Monounsaturated fats such as olive oil, though still damaged by high temperatures, are a safer option, as they contain only one ‘double bond’ on each molecule that may become ‘trans’. Trans fats (and hydrogenated fats – also proinflammatory) are typically found in many processed foods, fries, and bakery products, pies and confectionery. Try also to avoid pro-inflammatory saturated fats in cheap and processed meats.
Medium chain triglycerides (which occur in high amounts in coconut oil) are also, of course, another very important group of health-promoting fats. They are valuable as an easily digested and absorbed, and metabolically stimulating energy source. Coconut oil is great for cooking.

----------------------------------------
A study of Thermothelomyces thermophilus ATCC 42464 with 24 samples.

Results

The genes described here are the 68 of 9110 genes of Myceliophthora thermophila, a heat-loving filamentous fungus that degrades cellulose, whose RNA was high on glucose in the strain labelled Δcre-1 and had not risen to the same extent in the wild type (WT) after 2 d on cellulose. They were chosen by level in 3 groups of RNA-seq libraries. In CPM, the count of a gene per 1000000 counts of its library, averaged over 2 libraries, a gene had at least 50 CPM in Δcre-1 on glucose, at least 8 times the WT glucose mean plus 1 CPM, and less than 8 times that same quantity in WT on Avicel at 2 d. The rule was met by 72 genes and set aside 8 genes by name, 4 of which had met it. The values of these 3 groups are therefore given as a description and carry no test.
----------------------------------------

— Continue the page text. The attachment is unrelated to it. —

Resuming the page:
Finally, phospholipids are another type of fat compound, and a major component of cell membranes and myelin sheaths surrounding nerve cells. Soy lecithin is a useful source of the phospholipids, phosphatidylcholine and phosphotidylserine, although these differ slightly from those found in animal sources. Despite this, lecithin has various health benefits, including those of memory and brain function. Lecithin can be usefully sprinkled on various foods such as salads.
Fat soluble vitamins may be obtained from fish and fish oils, eggs, and to a certain extent from the fat traces in lean meat.
Scientists have linked toxic chemicals, known as aldehydes, to Parkinson’s, Alzheimer’s and other neurodegenerative diseases, and some cancers. Heating certain oils — such as sunflower oil — to a certain temperature, and then using them again can cause aldehydes to occur in those oils.